This series provides readers the opportunity to learn about the unique insight and experiences of the San Antonio River Authority (River Authority) Board of Directors and their personal connection to the San Antonio River in hopes of inspiring stewardship of area creeks and rivers.
Alicia L. Cowley Goliad County, Executive Treasurer
Alicia Lott Cowley is a retired registered nurse who worked as management in several South Texas Emergency Departments over a 35-year career. She has been active since retiring in her home community of Goliad, working with the Goliad County Library’s Center for Texas History as well as the Goliad Historical Commission. She is a sixth generation Texan involved in conservation projects through the Goliad Farm Bureau and the Goliad County Wildlife Management Association
What value does the San Antonio River Authority provide to the community?
In Bexar County, the River Authority’s construction of the Riverwalk, Museum Reach, and Mission Reach have provided not only ecosystem restoration but brought economic development to the area. Downstream, the biggest impact of the River Authority’s decades of work is the improvement in water quality. There has been a tremendous change in the quality of water in the San Antonio River and this has directly impacted the surrounding community. People are excited to recreate along the river and experience nature with their families.
The Mission Reach of the San Antonio Riverwalk.
How can we make sure the San Antonio River is preserved for future generations?
Improving water quality is incredibly important, but the main priority in Goliad County should be water quantity. Currently, there is a drought affecting the downstream communities and boating is limited. Water quantity is essential to maintaining a healthy habitat in riparian areas. Of course, rain would be nice, but there are steps that we can take to help preserve our natural resources. Strong stewardship of our water and land resources can increase the volume of water in our creeks and river.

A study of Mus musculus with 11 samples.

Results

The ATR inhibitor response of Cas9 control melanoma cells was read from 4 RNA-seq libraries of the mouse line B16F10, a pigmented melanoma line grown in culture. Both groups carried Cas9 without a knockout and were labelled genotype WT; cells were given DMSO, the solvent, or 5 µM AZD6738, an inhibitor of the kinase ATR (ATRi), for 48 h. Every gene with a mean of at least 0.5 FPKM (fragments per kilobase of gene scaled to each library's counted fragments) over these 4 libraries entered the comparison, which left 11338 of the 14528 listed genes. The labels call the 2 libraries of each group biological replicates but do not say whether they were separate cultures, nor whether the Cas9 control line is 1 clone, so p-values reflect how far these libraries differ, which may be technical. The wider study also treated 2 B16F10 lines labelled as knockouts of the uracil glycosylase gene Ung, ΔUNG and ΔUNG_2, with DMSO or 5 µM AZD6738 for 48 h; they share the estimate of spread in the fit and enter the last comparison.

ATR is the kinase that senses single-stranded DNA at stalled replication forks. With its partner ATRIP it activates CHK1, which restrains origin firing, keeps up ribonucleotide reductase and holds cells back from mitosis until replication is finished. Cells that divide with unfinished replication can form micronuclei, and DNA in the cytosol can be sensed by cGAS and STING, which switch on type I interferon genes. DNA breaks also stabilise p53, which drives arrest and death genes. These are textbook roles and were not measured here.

The River Authority educational initiatives in Goliad County help prepare the next generation of river stewards.
What is the best way to interact with the San Antonio River?
The San Antonio River is almost a sacred place. There’s a reason why civilizations took root around natural resources like this river. It’s more than just a water source. Missions and communities are built and grow because of the river. When you walk along the river, paddle through the trails, or just sit and enjoy the beautiful natural habitat, remember that you are walking through thousands of years of history.
The Goliad Paddling Trail meanders through an area steeped in Texas history.
Name an interesting fact about the San Antonio River Basin that most people might not know.
There are many signs of past civilizations along the river. You can find arrowheads in the riverbanks or see Comanche sign trees. The Comanche tribe would bend young trees to indicate trail and low-water crossings. Now, there are two magnificent oak trees that are bent just west of Goliad. You can’t forget El Camino Real, which runs on both sides of Goliad County. There are wagon tracks that have been preserved from La Bahia to San Fernando’s Cathedral and Bexar County.
The Presidio Nuestra Señora de Loreto de la Bahía, or simply La Bahía, is a fort constructed by the Spanish Army that became the nucleus of the modern-day Goliad.
I am thankful for the opportunity to serve Goliad County as a member of the San Antonio River Authority Board of Directors. As an elected official, if you have questions or comments for me, you can contact me here. Thank you.